At this moment, Deer Mountain Campground in northernmost Pittsburg is closed due to storm damage that affects a number of campsites within the campground. There are a considerable number of blowdowns and leaners that have to be removed before the state facility can be opened for business.
The Moose Alley Trail got a thorough working over on Saturday thanks to nine volunteers who showed up for the National Trails Day project to reopen the trail that was subject to a timber harvest last year. The trail is now open and well blazed in yellow paint. The spur path in from Route 3 into the junction of the Moose Alley Trail and the Falls in the River Trail is blazed in orange. The Moose Alley Trail and the Falls in the River Trail are part of the Cohos Trail system and are blazed in yellow.
The Idlewilde Spur pathway from Second Connecticut Lake up to the lake’s boat landing access road has been cleared of storm debris all the way through.
The big blowdown that fell between the Tillotson Shelter and its nearby composting latrine has been cleared away. The site is looking good up there in northern Pittsburg.
The Round Pond Brook Trail has been cleared of blowdowns for about a mile from Route 3 north and west. More work to be done farther along.
The Bald Mountain Notch Trail has just been cleaned up for the summer hiking traffic rush.
New views are available in various spots along the Moose Alley Trail because of the logging operation. Most views are to the east to Mt. Magalloway, long Diamond Ridge, and Stub Hill (actually taller than Magalloway). A 100-foot spur trail may be brushed out at the top of Geronimo Hill to reach a clearing that would open a fine vista north to the Corkscrew Hills, Deer Mountain, Mt. Salmon, and Rump Mountain in Maine.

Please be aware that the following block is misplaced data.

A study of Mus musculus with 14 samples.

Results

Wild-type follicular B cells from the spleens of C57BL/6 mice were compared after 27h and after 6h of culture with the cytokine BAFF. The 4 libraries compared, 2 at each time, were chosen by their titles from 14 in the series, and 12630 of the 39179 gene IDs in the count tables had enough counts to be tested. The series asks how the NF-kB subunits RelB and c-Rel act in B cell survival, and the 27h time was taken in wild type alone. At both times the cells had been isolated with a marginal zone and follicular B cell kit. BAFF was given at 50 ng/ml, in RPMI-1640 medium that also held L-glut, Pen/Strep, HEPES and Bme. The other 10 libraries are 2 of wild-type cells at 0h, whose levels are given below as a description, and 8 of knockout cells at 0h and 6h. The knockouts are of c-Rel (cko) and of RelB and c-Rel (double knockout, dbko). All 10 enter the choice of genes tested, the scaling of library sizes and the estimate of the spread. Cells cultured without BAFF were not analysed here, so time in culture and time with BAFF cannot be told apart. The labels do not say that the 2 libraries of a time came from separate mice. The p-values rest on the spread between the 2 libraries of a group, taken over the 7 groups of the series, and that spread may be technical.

The Percy Loop has been cleared of blowdowns. Our volunteer says he took out more than 20 trees with his Fiskar hand saw.
A NorthWoods Stewardship Center trail crew has been at work of late on the Kelsey Notch Trail and the Gadwah Notch Trail. Our own volunteer has been hammering away on the Gadwah Notch Trail too. From what we hear, 75 blowdowns have been removed in that remote region of the Cohos Trail.
The NorthWoods Stewardship Center trail crew is moving south on the Cohos Trail now, working from Coleman State Park through the Tumbledick Mt. Trail to the Sugar Hill Trail, then up the Sanguinary Summit Trail to the Panorama Lean-to. They will spend the night there and then continue south along the long Sanguinary Ridge and clean the SST of blowdowns and debris. After that, it’s up to Pittsburg for brushout work on the Round Pond Brook Trail and the Mt. Covill Trail. The Cohos Trail should be in good shape by the time the hiking season begins in earnest, from Route 110 north to the Canadian border, and through Pondicherry Wildlife Refuge in Jefferson.